James Madison Papers

To James Madison from Maury & Latham, 2 October 1821

From Maury & Latham

Liverpool 2 Octor 1821

Sir,

Enclosed we beg to hand you the valuations of your Tobacco per Glide—also the account of some which have been sold—to which we may add No. 14 @ 4¾ d.

The Tobacco is certainly good, but our manufacturers run now entirely upon long leafed perfect in the points &c; for such we are getting 7½ & the writer knows that your land will produce as fine as Mr Rives1 in Nelson.

We would recommend your planting in future the Big Frederick or some large description for really this parcel sells below its intrinsic value from prejudice.

Your Bill for £250 has appeared & met due honor.

We are now holding your Tobacco for ¼ d advance owing to the loss of a Cargo off our Port.

We think there is no prospect for our Ports opening to Flour now & would advise your selling in preference to holding.

We have sent you the annexed circular merely supposing that the view of our operations in your great Staples might afford you some amusement. We have the honor to be Sir Your most obedient servant[s]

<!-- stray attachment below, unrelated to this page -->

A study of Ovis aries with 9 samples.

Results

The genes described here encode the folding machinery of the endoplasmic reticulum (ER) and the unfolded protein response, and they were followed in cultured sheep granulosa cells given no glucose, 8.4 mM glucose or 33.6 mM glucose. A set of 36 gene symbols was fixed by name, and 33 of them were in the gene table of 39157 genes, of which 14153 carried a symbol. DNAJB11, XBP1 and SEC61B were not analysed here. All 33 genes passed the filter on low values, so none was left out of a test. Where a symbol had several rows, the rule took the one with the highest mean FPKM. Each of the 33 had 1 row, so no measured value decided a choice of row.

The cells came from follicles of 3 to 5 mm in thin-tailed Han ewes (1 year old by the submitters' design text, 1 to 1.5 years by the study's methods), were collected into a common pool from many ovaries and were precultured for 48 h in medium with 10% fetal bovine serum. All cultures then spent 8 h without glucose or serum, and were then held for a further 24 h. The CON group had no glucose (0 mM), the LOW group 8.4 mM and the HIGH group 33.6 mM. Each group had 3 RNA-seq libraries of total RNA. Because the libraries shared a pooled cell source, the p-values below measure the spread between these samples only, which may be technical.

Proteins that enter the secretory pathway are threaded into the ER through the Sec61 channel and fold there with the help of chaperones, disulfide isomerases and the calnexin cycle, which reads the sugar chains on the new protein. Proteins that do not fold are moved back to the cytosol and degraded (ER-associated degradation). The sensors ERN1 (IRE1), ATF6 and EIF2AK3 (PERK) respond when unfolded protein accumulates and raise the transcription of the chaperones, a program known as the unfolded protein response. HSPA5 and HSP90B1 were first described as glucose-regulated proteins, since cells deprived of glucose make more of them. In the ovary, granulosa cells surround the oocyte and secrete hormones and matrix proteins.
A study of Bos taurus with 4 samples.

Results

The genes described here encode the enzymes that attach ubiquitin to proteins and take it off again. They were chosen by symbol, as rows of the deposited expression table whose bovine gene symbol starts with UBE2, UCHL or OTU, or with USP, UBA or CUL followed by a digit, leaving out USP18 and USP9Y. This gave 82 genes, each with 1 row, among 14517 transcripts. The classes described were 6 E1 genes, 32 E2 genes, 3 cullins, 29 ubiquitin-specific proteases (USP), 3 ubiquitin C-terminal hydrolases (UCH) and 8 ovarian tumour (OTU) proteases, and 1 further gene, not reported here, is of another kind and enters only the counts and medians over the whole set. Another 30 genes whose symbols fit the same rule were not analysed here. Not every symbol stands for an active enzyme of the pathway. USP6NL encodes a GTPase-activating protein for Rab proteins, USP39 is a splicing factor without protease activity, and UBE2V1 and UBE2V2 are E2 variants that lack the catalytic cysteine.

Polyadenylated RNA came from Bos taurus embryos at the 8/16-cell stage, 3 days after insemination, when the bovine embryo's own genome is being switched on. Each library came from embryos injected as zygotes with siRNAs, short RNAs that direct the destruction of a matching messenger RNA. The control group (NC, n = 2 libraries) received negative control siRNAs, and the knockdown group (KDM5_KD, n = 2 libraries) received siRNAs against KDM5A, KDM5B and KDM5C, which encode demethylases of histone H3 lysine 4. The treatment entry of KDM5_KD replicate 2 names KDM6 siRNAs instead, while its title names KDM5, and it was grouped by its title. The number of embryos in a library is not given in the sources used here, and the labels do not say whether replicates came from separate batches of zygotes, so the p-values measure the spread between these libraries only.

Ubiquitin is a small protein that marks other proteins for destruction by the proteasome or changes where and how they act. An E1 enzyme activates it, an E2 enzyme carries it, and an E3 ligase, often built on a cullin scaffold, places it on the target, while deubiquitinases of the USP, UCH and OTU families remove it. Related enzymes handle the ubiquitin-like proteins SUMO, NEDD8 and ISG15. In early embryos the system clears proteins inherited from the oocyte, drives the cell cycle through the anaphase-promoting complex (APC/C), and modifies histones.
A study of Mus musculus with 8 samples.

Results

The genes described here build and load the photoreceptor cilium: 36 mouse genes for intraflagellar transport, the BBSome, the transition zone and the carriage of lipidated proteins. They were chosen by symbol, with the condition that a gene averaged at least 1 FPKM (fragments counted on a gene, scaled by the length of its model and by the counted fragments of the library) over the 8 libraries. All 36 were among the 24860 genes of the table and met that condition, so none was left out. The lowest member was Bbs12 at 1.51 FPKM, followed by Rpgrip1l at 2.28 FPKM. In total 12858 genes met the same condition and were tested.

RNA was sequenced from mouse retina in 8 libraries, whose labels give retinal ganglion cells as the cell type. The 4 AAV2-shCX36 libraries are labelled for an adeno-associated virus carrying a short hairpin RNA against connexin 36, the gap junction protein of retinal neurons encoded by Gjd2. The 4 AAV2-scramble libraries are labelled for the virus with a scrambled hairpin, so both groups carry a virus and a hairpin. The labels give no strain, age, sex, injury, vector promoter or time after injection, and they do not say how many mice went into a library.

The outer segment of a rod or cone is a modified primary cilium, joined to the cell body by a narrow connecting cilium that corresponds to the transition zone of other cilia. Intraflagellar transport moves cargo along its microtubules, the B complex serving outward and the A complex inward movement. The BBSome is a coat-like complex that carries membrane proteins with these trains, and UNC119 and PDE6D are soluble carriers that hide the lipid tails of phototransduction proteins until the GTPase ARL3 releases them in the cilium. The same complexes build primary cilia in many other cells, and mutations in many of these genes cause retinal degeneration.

Maury & Latham
per William Maury

4 Octr. Tobacco has rather advanced & we sold 1 Hhd No. 13 @ 4¾. We hold the remaind[e]r at that price.

[Enclosure]

28 Sept. 1821

Weights & Valuations of JM 14 Hhds of Tobacco P Glide on a/c of Mr. Madison.

Value No. Cwt yrs ℔s
3¾ d 1 11 3 26 } ordinary quality, rough & strong
" 6 11 1 22
" 10 11 3 7
12 12 2 1
" 13 11 "
11 11 3 16 rather better
4¼ to 4½ 4 12 3 6 strong useful leaf, rather soft
8 12 " 12 } ditto, & a little better
" 9 13 " 16
3 12 1 21
2 11 3 2 sold at 5d
5 10 1 26 sold at 4¾
7 11 2 " sold at 4¼
4¾ d 14 10 3 7 good planter’s stem’d
165.2.25 Total Landing weight or 18,561 lb.
Shrinkage 17 lb.p hhd 238   "
Nett Sale weight 18,323   "

RC and enclosure (DLC). RC addressed by William Maury to JM, and franked. Postmarked 19 Nov. at New York. Docketed by JM. Filed after James M. Bell to JM, 25 Sept. 1821. JM made figure calculations in the lower left margin of the enclosure.

1This was probably Robert Rives (1764–1845), a Revolutionary War veteran, proprietor of the plantation Oak Ridge in Nelson County, Virginia, and the father of William Cabell Rives (Alexander Brown, The Cabells and Their Kin: A Memorial Volume of History, Biography, and Genealogy, 2d ed. (Richmond, Va., 1939), 236–44).